How I made £21,000 on LinkedIn

LinkedIn has been a really valuable tool for me as a professional. I regularly pick up work on there are have a lot of relevant high-profile people connecting with me. I now have over 6000 connections and while numbers aren’t everything when it comes to this particular social network, it does mean I have a lot of people seeing my content.

There are a lot of people doing sales wrong on LinkedIn, they’re impersonal and irrelevant. People send pitches as soon as they connect, or just send a general Inmail that has nothing to do with my business or how I run it.

I decided I wanted to do things differently so I set out to up my LinkedIn sales game by learning from everyone else’s mistakes. I created a message template that gave obvious benefit to the prospect, explained exactly what I could do and gave a firm call to action. This template helped me to make £21,000 from one client.

If you’ve set up a motorsport business, you might be looking at LinkedIn as a sales tool. It’s a wonderful place to drum up business but you need to do it right. You can download the very template I used at the bottom of this post but, first, here’s some advice.

Complete your profile

If your profile is incomplete, a lot of potential employers are going to just pass you by. Go through your introduction, work experience and skills to make sure everything is there that needs to be. Consider your goals for being on LinkedIn, what do you want people to think about you when they look at your profile?

Get a decent photo

No selfies from the club. Find a photo that looks professional and, if possible, shows you doing the job you want (interviewing a racing driver, working on a car, giving an after-dinner speech etc.).

List your achievements

In your work experience, don’t just list what you did in each role, list what you achieved. For more information on how to do this, check out this blog post on how to sell yourself in motorsport.

Update your tag line

Opt for something simple and to-the-point. Even for someone like me with a lot of job roles, I keep it simple: PR, journalist and motorsport consultant.

Update regularly

Use LinkedIn’s social features to connect with people properly. The more you’re posting, the more people outside of your network are seeing what you can do. Make sure each post shows your expertise. For example, a television presenter might share their showreel, an engineer might post updates from a car build, or a journalist may post an article about F1 rules and open up a discussion.

Where possible, ask questions to get people involved and commenting as this is how your post will be spread far and wide.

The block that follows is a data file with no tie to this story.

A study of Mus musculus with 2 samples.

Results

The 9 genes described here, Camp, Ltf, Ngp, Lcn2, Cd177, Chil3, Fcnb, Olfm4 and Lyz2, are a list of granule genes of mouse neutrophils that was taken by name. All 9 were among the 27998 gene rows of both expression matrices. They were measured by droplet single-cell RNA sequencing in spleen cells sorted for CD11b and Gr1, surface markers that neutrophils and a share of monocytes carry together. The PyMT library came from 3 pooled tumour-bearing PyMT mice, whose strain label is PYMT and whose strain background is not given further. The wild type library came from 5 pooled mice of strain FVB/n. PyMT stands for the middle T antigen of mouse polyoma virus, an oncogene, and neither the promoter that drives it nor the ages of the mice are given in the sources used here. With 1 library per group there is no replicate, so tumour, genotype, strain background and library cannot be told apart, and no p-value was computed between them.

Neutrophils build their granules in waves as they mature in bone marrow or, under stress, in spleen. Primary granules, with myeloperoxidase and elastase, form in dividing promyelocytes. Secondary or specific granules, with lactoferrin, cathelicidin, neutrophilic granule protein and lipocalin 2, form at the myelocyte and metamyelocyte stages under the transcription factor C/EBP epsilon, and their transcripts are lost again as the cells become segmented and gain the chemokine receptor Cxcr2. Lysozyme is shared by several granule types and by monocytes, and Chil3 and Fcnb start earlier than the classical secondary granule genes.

Comment regularly

Go through your timeline and comment on the posts of people you’re connected with. Make sure you have something worthwhile to say and, again, show your expertise. People will start to notice. Comments will get your name and your tagline in front of new people too.

Connect with the right people

It’s important that you connect with the right people. If you’re looking for a job, connect with recruitment agency staff and HR managers.

You should also look for motorsport business owners, managing directors and CEOs. these are the decision makers you’ll want to pitch to when the time comes.

These people may also post relevant job adverts as they come up or call for freelancers when they need outside help.

Include a message when you connect

You have a better chance of creating a connection if you include a message with your request. Don’t use this to launch into your pitch but instead talk about expanding your network. This is a good way to open up a dialogue with someone so show an interest and, if you want a reply, ask a question about them and their work.

I don’t tend to use this method as I already have a wide connection base (6,000+ and counting) and appear in a lot of ‘people you may know’ recommendations. I mostly get connection requests and accept them but if I am looking for new people to connect with, it’s always from the suggested connection list, which sends a one-click invitation.

Engage

Make sure you engage with these people so they see your name. If they’re updating regularly, make sure to offer worthwhile comments that give a little bit of an insight into what you can do. This is important as when it comes to contacting them, you’ll have already created a bit of a rapport.

Let people know what you want

Don’t be afraid to update LinkedIn with details of what you do and your search for a job or new clients. You’d be surprised how many people will be willing to tag connections that could help. People may even start tagging you in the job opportunities they see that could be relevant.

You can download the very same pitch template I used to make £21,000 on LinkedIn. It’s completely free, just fill in the form below.